Structural issues with BiCon. Or why I’m not returning unless I see some changes.
BiCon is run by volunteers in the bisexual community. Every year the organisers change. If an organiser screws up, often nothing is done, cos they won’t be there next year (usually). Last year an organiser made paedophile jokes during the cabaret, mocked non-binary people & was generally inappropriate. Very little was done, even though lots of people complained & were in tears (including me) at the Paedophile thing. There’s nothing to guarantee the same won’t happen this year or the next, because they’re never held accountable. The same guy who caused the upset last year (breaking several BiCon Code of Conduct rules in the process) wasn’t thrown out of the Con. If an attendee had done that, they’d be told to leave immediately. It’s been almost a year since that incident, but I haven’t heard or seen anything on BiCon website apologising about it, or even mentioning it.
When I’ve brought up problems in the past, I’ve often been told “We’re just volunteers! We don’t get paid to do this!” This is a silencing tactic, which minimises the power that these volunteers have. It’s like saying, “Shut up and be grateful!”
Another issue is the constant lack of engagement with bisexuals of colour. The highest attendance (20+) we had was the year a donor gave BiCon funding to subsidise free places for People of Colour, disabled and working class. The next year there was nothing, and the attendance went down to about 5 bi’s of colour. Nobody on organising teams wants to look at the fact that bi’s of colour are more likely to be unemployed or on low wages – due to racism. If we can’t get subsides places, we simply can’t go. I’ve been saying this since 2008, and nobody seems to listen. At the same time, I keep getting asked how BiCon can become more accessible and diverse. This just feels like the minimum amount of lip service.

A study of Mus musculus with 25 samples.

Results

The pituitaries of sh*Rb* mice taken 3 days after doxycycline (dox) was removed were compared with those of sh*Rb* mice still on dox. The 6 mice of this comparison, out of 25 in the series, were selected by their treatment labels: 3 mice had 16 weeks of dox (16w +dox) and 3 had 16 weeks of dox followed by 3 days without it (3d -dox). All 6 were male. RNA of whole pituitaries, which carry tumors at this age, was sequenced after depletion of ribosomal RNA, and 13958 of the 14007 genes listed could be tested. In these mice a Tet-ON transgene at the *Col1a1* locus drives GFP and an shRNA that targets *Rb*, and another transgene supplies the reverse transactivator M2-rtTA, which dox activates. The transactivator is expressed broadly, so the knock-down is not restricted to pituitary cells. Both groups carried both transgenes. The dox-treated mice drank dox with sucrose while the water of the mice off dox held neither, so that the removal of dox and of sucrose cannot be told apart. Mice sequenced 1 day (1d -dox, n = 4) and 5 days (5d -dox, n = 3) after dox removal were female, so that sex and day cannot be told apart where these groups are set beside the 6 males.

I’ve been a bisexual activist for years. BiCon has been the highlight of each of those years. BiCon needs to look at the structure of organising the event. BiCon Continuity could possibly include this in their remit too. Because until things change, and I feel safer attending, I’m not going back.
I don’t represent all Bisexuals of Colour, but I wanted to be sure they all knew what was happening. I don’t want to put people off going to BiCon – I want BiCon to be welcoming to everyone so more people can attend.